Baby-Boomers, Generation-X and Social Cycles
by Edward Cheung
Over the past two
decades, many changes have taken place in society that appear daily in the
news stories of our newspapers and magazines.
Whenever we meet people, whenever we talk about issues, these topics come
up frequently in our conversations. In the early 1980's, there was an
awareness that the women's movement was on the decline and the media brought
it to the forefront with the question, "Where did the women's movement go?".
At the same time rock 'n' roll was facing the same ailments. As the 1980's
came to an end and the 1990's recession began, the dominant issues have
been the economy and the continuance of the conservative era. What did
happen to the women's movement, to rock 'n' roll and to the economy?
Baby-boomers, Generation-X and Social Cycles explores these issues and
provides a historical and statistical basis for answering these questions.
Baby-Boomers, Generation-X and Social Cycles begins by examining the
population statistics of the United States from 1789 to the present and
shows that at intervals, there have been baby-booms other than the most
recent one from 1936 to 1957. A baby-boom of larger magnitude had
occurred one hundred years ago in the mid-1800's. In between these two
baby-booms, there was a minor one in the early 1900's. These baby-boomers
the author calls Generation 'B'. Following each baby-boom was baby-bust,
which in our time has been labeled as Generation 'X'. The 1920's had
a generation similar to that of Generation 'X' today. What makes the experience of Gen-X
similar to that of the 1920's is that both generations had a
difficult time getting jobs. The 1920's generation, when they came of age,
was confronted by the Great Depression. Gen-X has been confronted with a
series of rolling recessions. Another similarity between these two
generations is that both came of age in a conservative climate. In the
1920's, the conservative administrations of presidents Harding, Coolidge
and Hoover governed for 12 years. In the 1980's, the conservative
administrations of Reagan and Bush governed for the same amount of time.
Canada had the conservative administration of Brian Mulroney, and Britain
had the government of Margaret Thatcher and John Majors.
Just as remarkable are the similarities in experience between each
of the Gen-Bs. In the 1900's Gen-B discovered Jazz. The young reveled in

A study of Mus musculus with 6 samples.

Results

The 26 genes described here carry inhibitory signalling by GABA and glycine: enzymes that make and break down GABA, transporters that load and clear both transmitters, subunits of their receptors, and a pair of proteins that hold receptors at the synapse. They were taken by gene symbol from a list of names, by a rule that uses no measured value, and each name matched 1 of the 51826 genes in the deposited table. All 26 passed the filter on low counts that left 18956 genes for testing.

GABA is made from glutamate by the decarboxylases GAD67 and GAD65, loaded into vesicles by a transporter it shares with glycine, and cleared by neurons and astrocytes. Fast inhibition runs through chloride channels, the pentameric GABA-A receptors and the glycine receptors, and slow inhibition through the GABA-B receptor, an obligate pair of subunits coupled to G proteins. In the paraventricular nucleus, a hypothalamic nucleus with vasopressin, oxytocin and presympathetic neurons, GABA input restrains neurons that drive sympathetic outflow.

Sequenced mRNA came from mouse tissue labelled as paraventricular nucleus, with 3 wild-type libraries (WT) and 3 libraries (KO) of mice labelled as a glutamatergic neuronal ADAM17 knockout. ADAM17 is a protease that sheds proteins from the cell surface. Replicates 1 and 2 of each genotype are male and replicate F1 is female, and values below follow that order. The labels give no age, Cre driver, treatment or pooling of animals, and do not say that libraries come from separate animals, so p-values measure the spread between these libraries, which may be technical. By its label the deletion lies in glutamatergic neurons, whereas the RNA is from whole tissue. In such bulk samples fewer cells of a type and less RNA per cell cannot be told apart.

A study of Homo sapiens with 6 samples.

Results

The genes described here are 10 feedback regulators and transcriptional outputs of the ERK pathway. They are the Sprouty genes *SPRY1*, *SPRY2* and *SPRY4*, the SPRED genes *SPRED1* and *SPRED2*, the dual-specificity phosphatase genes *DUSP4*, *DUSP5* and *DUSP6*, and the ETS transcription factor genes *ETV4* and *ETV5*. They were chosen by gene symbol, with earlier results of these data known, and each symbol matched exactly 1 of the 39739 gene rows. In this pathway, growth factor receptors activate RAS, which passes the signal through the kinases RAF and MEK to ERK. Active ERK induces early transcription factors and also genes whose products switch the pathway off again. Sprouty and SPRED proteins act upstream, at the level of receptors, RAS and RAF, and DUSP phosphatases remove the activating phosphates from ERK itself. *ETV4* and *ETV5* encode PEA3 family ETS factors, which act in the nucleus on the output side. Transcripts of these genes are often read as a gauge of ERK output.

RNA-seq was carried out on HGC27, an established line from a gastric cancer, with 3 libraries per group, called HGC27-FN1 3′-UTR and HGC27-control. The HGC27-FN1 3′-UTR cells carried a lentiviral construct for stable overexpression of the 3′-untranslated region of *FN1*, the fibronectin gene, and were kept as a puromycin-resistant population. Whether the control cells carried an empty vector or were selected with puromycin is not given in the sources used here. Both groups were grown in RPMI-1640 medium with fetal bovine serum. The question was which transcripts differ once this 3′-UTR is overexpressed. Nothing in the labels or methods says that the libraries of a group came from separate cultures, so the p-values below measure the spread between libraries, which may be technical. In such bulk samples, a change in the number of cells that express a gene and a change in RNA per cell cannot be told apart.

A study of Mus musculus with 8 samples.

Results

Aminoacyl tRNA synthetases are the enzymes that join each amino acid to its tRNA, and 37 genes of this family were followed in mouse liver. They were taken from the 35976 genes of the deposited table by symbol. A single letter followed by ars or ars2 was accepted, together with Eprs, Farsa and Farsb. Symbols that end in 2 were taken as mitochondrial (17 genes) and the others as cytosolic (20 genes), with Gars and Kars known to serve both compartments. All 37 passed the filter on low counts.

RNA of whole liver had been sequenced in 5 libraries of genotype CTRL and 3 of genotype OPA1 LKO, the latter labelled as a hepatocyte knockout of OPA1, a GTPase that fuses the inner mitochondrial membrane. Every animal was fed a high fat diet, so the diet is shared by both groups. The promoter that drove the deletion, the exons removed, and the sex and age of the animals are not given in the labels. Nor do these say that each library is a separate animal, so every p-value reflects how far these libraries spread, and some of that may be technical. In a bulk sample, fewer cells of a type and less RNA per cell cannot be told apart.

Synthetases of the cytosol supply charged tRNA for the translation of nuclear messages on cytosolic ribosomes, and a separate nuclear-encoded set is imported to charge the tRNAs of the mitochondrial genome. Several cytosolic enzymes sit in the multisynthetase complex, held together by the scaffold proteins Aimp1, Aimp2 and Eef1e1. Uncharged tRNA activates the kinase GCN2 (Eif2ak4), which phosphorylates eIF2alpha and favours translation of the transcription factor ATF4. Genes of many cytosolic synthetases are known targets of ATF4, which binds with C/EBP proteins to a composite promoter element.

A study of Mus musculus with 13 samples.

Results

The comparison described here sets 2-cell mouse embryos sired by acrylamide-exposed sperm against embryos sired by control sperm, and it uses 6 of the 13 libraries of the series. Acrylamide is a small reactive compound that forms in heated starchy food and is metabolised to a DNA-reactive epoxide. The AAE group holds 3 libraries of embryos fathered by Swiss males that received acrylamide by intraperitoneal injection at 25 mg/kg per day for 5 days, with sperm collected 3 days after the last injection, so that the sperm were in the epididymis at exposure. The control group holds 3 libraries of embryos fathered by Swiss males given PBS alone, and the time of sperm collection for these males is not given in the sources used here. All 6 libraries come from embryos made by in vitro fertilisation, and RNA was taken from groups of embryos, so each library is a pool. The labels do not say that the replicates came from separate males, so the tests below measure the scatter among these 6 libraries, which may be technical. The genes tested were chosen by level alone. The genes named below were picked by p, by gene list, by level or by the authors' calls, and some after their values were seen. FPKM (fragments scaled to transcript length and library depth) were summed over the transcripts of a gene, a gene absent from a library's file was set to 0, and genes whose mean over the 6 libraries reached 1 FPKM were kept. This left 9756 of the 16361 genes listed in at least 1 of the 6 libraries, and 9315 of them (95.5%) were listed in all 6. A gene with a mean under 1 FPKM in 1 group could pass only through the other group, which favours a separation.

the new music. The establishment frowned upon what it thought was nothing
but noise. The women's movement rallied to get the vote. And the Settlement
House movement was established to help the poor. The Gen-B born in the
1930's followed the same course of action starting in the 1950's with
rock'n'roll. As the young reveled, the establishment tried to find
heavy-duty ear-plugs. This time, the women's movement revived and fought for
equal rights while the War on Poverty was carried on by governments. When
Gen-B got older, all these activities came to an end. At the same time,
shifts in expenditures and life-styles of Gen-B caused shifts in aggregate
demand, producing the long-wave economic cycle. Gen-B changed from being
consumers to being savers and investors. Thus as economic growth moderates,
the savings rate and the stock market continues to move up. As a result,
Gen-X, being a much smaller group, has difficulty finding jobs because of
diminished consumer demand. With changes in social and economic conditions
come changes in artistic expression, eventually setting trends in
industrial and commercial designs.
Baby-Boomers, Generation-X and Social Cycles examines the history of
Prohibition, the Woman Movement, Popular Music, the YMCA, the Settlement
House Movement, Politics, and the Economy and demonstrates the effects
caused by shifts in the composition of the population on these histories
in the United States, Canada and in other parts of the world. Statistical
series analyzed include:
U.S. Population 1789 - 1990
Canadian Population 1867 - 1993
Birth rate 1800 - 1970
Immigration 1830 - 1990
Consumption of Alcohol 1785 - 1975
Church Membership 1800 - 1970
Votes for President 1792 - 1988
Government Expenditures 1789 - 1990
Savings 1855 - 1970
Contains over 20 graphs.
This description is for the 1995 edition.
A new edition of Baby Boomers, Generation X and Social Cycles, Volume 1: North American Longwaves
will be available in 2007.
Baby-Boomers, Generation-X and Social Cycles was first published in 1994
under the title Population, Politics, Social Movements and the Economy.